Hiding Signatures of Gravitational Instability in Protoplanetary Discs

Sahl Rowther, Farzana Meru, Grant M. Kennedy, Rebecca Nealon, Christophe Pinte


The presence of the planet significantly impacts the structure. The planet suppresses the spiral structure and opens up a gap. Despite both discs retaining the same disc mass (~0.09M) within 200AU, the 2D Q plots show that the presence of the planet results in the disc becoming mostly gravitationally stable with Q > 1.7 throughout the disc. Without a planet, strong gravitationally unstable (Q < 1.7) arms are present (see Figure 1).

The dominant reason for the increase in Q is due to the planet's influence on the disc temperature, or equivalently the sound speed cs, in the disc (see Figure 2). The spiral wakes generated by the planet as it migrates are regions of relative overdensities with respect to the disc background. The radially propagating spiral wakes can evolve into shocks. The exchange of momentum and energy between the density wakes and the disc at the shocks influence the global properties of the disc, heating it up.

Figure 1: Surface density (left) and 2D Toomre parameter Q (right) plots of a disc without a planet (top) and with a 3 Jupiter mass planet (bottom) at the end of the simulation. The 2D Toomre plots show how gravitationally unstable the disc is. The planet erases the spiral structure and is massive enough to carve out a gap. This results in a gravitationally stable axisymmetric disc.
Figure 2: Azimuthally averaged Toomre parameter, Q (top), surface density, Σ (middle), and the sound speed, cs (bottom) for both the disc without a planet (red lines) and with a 3 Jupiter mass planet (blue lines) for the first 2 orbits after the planet is added. The darker shades represent later times. The increase in cs due to the planet is the dominant reason for the increase in Q in the outer regions of the disc (beyond R ≈ 120AU), causing the disc to become gravitationally stable.

Mock ALMA continuum observations

To check if this was observable with ALMA, we created mock observations at 1.3mm. From the mock observations in Figure 3, it can be seen that without a planet, spiral arms due to gravitational instability would be readily apparent. Whereas with the planet, the only major non-axisymmetric feature that remains are the spiral arms caused by the planet.


This has important implications for observations. In some observations of axisymmetric discs, the observed dust mass can be high enough such that inferring the gas mass via a fixed dust-gas mass ratio results in a disc that is massive enough to be gravitationally unstable. But, a gravitationally unstable disc is expected to show spiral structure. Therefore in the absence of spiral structure, a higher dust-gas mass ratio is assumed when modelling the disc to ensure a less massive gravitationally stable disc. However this assumption is unnecessary as in the presence of a giant planet, we show that spiral structures expected from massive discs can be suppressed, thus appearing axisymmetric.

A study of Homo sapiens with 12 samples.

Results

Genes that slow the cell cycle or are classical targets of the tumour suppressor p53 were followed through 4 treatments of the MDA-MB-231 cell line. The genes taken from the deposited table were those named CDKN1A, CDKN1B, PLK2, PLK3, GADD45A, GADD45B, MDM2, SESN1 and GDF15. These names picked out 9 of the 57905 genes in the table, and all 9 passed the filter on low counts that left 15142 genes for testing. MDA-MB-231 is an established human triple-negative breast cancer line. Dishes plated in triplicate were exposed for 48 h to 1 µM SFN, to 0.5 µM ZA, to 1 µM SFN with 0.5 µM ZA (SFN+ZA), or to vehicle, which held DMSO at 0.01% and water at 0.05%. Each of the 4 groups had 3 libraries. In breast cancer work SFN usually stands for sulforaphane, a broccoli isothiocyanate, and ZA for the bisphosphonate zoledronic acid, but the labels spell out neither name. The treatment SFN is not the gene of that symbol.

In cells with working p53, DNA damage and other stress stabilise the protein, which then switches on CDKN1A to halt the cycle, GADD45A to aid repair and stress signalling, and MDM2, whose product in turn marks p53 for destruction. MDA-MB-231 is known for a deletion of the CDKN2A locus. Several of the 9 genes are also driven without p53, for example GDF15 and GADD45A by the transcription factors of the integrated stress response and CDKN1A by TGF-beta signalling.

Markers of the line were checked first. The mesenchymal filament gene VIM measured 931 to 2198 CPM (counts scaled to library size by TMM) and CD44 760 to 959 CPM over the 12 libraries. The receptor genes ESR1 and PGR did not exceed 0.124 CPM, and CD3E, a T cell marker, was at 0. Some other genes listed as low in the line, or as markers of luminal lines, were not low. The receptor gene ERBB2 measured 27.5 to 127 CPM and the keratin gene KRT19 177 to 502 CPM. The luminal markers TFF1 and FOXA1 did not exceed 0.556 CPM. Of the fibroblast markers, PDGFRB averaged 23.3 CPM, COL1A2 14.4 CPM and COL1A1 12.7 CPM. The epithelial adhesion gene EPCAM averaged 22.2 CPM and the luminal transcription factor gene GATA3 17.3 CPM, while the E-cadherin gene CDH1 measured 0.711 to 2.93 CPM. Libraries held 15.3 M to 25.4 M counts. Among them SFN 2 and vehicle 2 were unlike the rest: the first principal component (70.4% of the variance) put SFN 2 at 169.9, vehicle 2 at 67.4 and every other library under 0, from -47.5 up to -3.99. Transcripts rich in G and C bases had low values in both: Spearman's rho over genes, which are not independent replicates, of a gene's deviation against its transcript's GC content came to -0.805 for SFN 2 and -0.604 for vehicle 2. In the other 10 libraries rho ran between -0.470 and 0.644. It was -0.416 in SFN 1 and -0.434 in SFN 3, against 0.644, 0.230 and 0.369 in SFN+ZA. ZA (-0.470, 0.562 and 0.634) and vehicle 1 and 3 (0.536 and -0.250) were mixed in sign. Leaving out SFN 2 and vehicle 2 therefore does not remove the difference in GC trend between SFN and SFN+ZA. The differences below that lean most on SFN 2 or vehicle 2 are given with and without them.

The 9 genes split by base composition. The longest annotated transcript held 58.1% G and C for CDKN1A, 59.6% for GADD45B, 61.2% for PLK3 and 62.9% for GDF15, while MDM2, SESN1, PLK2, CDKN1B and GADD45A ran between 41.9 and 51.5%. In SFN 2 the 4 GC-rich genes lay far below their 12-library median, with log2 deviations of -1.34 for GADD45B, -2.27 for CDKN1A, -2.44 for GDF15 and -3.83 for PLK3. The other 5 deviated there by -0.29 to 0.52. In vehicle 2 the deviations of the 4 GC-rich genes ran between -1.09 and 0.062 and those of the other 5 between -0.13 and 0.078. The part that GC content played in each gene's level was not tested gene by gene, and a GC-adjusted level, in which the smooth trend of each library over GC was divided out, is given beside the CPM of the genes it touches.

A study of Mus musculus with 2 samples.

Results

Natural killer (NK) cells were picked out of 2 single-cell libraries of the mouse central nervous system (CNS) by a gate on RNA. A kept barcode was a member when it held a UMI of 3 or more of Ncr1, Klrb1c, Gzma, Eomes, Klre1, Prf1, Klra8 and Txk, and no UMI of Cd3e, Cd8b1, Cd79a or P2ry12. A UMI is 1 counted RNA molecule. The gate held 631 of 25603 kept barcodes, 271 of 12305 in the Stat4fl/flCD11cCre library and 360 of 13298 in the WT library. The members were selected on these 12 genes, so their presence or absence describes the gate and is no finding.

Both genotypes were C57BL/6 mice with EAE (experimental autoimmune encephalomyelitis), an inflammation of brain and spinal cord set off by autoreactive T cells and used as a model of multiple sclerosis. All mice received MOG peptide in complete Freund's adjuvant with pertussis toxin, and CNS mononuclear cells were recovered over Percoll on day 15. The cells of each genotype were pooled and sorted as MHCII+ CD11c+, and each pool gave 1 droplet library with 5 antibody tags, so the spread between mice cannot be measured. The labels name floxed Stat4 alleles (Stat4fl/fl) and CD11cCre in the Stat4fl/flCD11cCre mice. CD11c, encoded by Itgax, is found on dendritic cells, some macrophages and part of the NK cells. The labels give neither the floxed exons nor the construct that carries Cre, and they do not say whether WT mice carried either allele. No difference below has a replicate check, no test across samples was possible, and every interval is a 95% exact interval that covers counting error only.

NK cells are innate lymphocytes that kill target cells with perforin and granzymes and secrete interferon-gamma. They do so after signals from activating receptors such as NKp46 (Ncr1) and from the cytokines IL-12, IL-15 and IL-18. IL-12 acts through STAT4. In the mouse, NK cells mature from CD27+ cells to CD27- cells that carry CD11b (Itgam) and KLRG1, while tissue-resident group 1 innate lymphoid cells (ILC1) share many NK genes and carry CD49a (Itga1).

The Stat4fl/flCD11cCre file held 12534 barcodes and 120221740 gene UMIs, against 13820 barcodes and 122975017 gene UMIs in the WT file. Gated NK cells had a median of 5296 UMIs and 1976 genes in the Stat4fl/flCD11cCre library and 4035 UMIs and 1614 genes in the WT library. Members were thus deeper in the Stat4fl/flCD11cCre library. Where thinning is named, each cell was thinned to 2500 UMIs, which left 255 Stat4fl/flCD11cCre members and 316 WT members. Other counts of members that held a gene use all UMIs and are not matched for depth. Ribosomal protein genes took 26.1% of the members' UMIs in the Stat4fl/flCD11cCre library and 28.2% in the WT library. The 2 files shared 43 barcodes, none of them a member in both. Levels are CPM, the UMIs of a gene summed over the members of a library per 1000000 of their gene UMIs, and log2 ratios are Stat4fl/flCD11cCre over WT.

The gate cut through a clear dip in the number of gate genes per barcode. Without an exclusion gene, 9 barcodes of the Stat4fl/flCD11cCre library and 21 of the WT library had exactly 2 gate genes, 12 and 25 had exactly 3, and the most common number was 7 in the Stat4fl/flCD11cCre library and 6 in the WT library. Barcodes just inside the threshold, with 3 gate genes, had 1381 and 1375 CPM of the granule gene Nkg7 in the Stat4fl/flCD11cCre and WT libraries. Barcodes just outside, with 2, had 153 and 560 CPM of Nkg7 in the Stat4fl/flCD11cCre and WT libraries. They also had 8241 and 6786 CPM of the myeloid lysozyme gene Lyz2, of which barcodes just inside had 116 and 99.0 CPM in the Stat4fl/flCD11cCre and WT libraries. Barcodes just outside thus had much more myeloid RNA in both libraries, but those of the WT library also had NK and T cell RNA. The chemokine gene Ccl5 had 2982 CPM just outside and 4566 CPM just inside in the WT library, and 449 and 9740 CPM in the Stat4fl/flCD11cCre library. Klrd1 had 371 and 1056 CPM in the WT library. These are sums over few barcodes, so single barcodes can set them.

Figure 3: Mock observation (left) with integration times from 6-300 minutes, axisymmetric flux map (middle), and residual flux (right) of a disc without a planet (top) and with a 3 Jupiter mass planet (bottom). The presence of the planet results in a disc that no longer consists of spiral structure due to gravitational instability and appears to be more axisymmetric.

Presence of the planet in the disc kinematics

The gas kinematics can also be used to infer the presence of a planet. In general, the disc kinematics are dominated by Keplerian rotation. However if a disc is gravitationally unstable or a massive enough planet is present, there will be deviations from the Keplerian flow of the disc. In the case of a planet, the deviations from the Keplerian flow of the disc is localised near the planet’s location (Pinte et al. 2019).

Figure 4 shows the synthetic 13C16O J=3-2 emission at velocity ±0.5 km/s from systemic velocity, both with and without the planet. A kink is visible in the optically thin 13C16O in the negative velocity channel within the vicinity of the planet, see bottom right inset. The bend in the emission profile in the bottom right inset is referred to as the kink. This is contrasted with the smooth velocity profile without a planet in the bottom left inset.

We can exclude large scale perturbations or any azimuthally symmetric mechanisms since the kink is not seen in the opposite velocity channel where the profile remains smooth.

Figure 4: Synthetic continuum subtracted channel maps (\(\mathrm{J}=3-2\) transitions) for 13C16O at \( \Delta v = \pm 0.5 \) km/s from the systemic velocity of the disc with and without the planet. The planet's presence can be seen by the kink in emission profile in the bottom right sub-plot.